Updated on August 24, 2012

Colour Provides Great Visual Impact


Creating a Garden to Appeal to All Five Senses

Gardens not only provide a frame for a home, they can also be a retreat, a playground and an outdoor room. A well tended garden appeals to the eye, however it can also be appealing to the other four senses. That's when you have a garden which looks, smells, sounds, tastes and feels great. Here are some ideas on making that happen.

1. Sight

To make your garden look good, usually planning is involved. Whether you do this yourself or employ a professional, it is worth the time and trouble. When planning a garden you need to consider:

Style: Lots of different plants and trees or one consistent theme as well as the incorporation of fences, ornaments, pots, murals, bar-b-ques if wanted.

Light: Should the garden be focussed on maximising sun or maximising shade, or both at different times of the year?

Practical issues: Is there a need for drought, heat, cold or flood tolerant plants? How much room is available will influence the choice of trees and plants.

Colour and Form: Will there be a colour theme for the garden? What mixture of different size trees and plants will make a pleasing array?

Blending all of the above should result in a garden that is good to look at.

2. Scent

Adding fragrant trees, shrubs and flowers to a garden can create a scent-sory delight. Some options for trees and shrubs are:

Citrus, Magnolia, Loquat, Flowering Cherry, Flowering Apricot, Flowering Plum, Chinese Witchhazel, Flowering currants, Lilacs, Gardenia, Mock orange (Philadelphus coronarius), Crabapple, Mexican orange blossom (Choisya ternata), Frangipani, Eucalyptus Gums, Pine, Fir, Spruce and Cedar trees.

Fragant plants, flowers and herbs include: Jasmine, Daylilies, Gingers, Belladonna, Lavender, Thyme, Mint, Lemon Verbena, Basil, Rosemary, Hyacinth, Daffodils, Bluebells, Roses, Iris, Freesias, Lily of the valley, honeysuckle, wisteria and more.

For extensive lists of fragrant flora see, and

3. Sound

Some people would say that the best sound a garden can have is none - silence! However the natural songs of birds and insects can also be very welcome. Grow plants native to your area to attract this orchestra of nature. If space and budget permits, a water feature can also add a soothing backdrop to any garden.


4. Taste

Fruit, vegetables and herbs grown in your own garden have an abundance of taste. Consider planting a few fruit trees and starting a vegetable patch. Even if you only have a courtyard or a balcony for a garden, you can grow a great deal in pots. Many fruit trees are now available in minature or espaliered form enabling you to make the most of walls and small areas.

5. Touch

Planting and maintaining a garden of whatever size provides a great opportunity to be in touch with the earth. Getting your hands dirty and being able to harvest your own flowers, fruit, vegetables and herbs gives you a new appreciation of the textures of freshly picked produce. This is often pretty different from that you buy in the supermarket. Feeling the sun on your face, the wind in your hair and grass beneath your feet is good for you.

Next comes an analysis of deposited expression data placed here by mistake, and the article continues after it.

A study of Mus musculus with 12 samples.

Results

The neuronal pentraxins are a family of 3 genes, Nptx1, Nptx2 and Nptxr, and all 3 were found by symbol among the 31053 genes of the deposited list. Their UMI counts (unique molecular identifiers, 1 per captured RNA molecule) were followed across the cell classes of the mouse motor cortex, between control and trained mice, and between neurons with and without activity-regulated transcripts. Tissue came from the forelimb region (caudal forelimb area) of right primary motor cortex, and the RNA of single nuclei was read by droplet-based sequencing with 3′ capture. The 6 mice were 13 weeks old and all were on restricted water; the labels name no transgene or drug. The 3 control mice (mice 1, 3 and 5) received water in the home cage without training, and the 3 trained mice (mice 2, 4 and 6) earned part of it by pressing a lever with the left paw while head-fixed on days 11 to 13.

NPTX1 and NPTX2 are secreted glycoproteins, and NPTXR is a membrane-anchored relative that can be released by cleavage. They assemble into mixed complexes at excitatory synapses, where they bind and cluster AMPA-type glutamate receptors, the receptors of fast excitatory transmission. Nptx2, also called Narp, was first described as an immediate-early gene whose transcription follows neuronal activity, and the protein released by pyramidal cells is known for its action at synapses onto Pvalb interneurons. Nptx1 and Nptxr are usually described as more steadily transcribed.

So the next time you need to establish or renovate a garden, think about what you can add to make it a sensory delight. This quote really says it well:

The greatest gift of the garden is the restoration of the five senses. ~Hanna Rion

Floral Perfection




      JanHeath 5 years ago from Australia

      Thanks vocalcoach, I agree, gardening is special. And hugs are always good!

    • vocalcoach profile image

      Audrey Hunt 5 years ago from Idyllwild Ca.

      An inspiring and lovely hub! Gardening fulfills something within me. It's hard to explain. Even if I am only watering my plants and vegetables I feel good. At times I welcome my day by saying "Good Morning" to all of my colorful friends. I even go so far as to tell each one how well they are doing.

      What do you expect from a person that goes around hugging trees? :-)

      Voting up, useful, awesome, interesting!

    • davenmidtown profile image

      David Stillwell 6 years ago from Sacramento, California

      I am hoping that my community garden will follow your example.

    • JanHeath profile image

      JanHeath 6 years ago from Australia

      Thanks for the comments everyone, I'm glad it's been useful. Garden sculptures are a great idea too.

    • VirginiaLynne profile image

      Virginia Kearney 6 years ago from United States

      Great hub idea. We have a very full sensory garden here in Texas. We went to a very unique garden recently in San Antonio which actually had a section for Blind people--everything planted was able to be touched, smelled, tasted etc. They even had sculptures which were meant to be appreciated by touch--such a unique idea. Great hub.

    • Deborah-Diane profile image

      Deborah-Diane 6 years ago from Orange County, California

      I love the idea of a sensory garden. I really enjoy spending time outdoors, so this sounds lovely.

    • davenmidtown profile image

      David Stillwell 6 years ago from Sacramento, California

      What a great hub! I can not wait to share this with my team. We created a tactile garden for the kids last year but this is where I want to go. Thank you for the beautiful inspiration.